This is the first time a play I've been in has been reviewed on the radio. How very cool!
I copy the text of the review here, for fear that it may eventually disappear from the NHPR website.
Up in Enfield, the Shaker Bridge Theatre, is holding forth with Tom Dudzick’s home-for-the-holidays comedy Greetings!
It’s Christmas Eve in Pittsburgh, and young Andy Gorski has brought his fiancée home to meet the folks. The trouble is, Andy’s parents are staunch working-class Catholics, and his girlfriend is not only Jewish, but an actress! Worst of all, she’s an avowed atheist! All this plays rather badly, especially with Andy’s terminal sourpuss of a father. But after a little help from his mentally disabled brother Mickey – and some divine intervention – things turn out just fine.
Dudzick’s play has those peculiar properties that critics hate and audiences love, probably for the same reasons. The script is clichéd and shamelessly sentimental, crammed with loose ends and addicted to bad one-liners. Its characters and situations are almost entirely ripped off from All In The Family, It’s A Wonderful Life, and, yes, A Christmas Carol. Even so, Greetings!’ familiarity is part of its appeal, and Shaker Bridge has put together a sincere and relatively smooth production.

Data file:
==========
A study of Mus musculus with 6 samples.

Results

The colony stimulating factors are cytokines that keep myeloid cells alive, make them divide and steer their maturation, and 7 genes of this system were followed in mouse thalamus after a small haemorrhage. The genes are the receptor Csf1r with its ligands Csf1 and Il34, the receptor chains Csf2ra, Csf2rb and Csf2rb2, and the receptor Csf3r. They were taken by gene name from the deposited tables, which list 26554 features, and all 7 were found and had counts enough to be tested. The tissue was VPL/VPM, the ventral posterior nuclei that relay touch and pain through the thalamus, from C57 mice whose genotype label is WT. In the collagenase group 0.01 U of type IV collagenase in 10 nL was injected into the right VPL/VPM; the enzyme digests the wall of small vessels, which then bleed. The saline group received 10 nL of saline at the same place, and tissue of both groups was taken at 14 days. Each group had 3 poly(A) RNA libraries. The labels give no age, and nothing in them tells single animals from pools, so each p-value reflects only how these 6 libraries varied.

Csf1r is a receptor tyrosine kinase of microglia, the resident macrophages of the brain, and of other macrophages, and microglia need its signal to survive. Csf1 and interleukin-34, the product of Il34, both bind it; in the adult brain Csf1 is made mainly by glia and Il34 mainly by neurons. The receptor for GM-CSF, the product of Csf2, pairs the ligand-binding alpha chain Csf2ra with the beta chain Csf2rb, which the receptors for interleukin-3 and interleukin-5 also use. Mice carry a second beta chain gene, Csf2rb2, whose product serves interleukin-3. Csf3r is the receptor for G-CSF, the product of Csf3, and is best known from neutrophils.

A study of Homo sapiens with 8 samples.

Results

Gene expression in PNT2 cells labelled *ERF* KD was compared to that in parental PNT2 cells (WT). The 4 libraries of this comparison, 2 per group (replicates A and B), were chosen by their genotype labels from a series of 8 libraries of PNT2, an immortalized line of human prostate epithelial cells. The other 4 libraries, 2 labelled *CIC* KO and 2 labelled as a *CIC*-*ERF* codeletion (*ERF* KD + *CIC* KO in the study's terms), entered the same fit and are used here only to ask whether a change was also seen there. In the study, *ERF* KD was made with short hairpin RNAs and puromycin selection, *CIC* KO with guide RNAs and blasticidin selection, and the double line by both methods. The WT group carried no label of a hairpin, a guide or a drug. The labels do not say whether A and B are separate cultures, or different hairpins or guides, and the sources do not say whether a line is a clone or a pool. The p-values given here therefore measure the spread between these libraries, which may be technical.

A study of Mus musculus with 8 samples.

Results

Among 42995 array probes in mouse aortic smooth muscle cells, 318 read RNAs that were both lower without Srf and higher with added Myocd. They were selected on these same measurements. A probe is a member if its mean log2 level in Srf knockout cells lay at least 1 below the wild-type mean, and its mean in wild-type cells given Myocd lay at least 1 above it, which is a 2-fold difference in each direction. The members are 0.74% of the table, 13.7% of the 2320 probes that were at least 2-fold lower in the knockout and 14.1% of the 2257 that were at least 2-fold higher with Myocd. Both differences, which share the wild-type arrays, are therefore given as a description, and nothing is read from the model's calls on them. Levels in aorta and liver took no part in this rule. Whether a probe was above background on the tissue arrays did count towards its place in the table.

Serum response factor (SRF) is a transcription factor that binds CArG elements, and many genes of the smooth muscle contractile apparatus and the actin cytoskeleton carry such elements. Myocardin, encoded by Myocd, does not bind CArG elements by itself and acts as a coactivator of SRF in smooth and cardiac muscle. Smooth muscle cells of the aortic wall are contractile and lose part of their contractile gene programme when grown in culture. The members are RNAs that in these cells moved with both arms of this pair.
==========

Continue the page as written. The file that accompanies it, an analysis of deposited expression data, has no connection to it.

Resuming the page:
Founding Artistic Director Bill Coons does triple duty. He directed, designed the play’s comfortable, intelligent set, and plays Andy’s dyspeptic father, Phil.
Coons the actor could use more of Carroll O’Connor’s subversive zest. But he gets good support from Pat Langille as his heroically patient wife, Emily, and very fine, understated work from Lane Gibson as little brother Mickey. Mike Backman and Jocelyn Parrish are less successful as son Andy and his fiancée, Randi, mostly because both are fifteen to twenty years too old for these roles.
In spite of its flaws, however, Shaker Bridge’s Greetings! still has enough sweetness and pathos to make it an attractive family outing.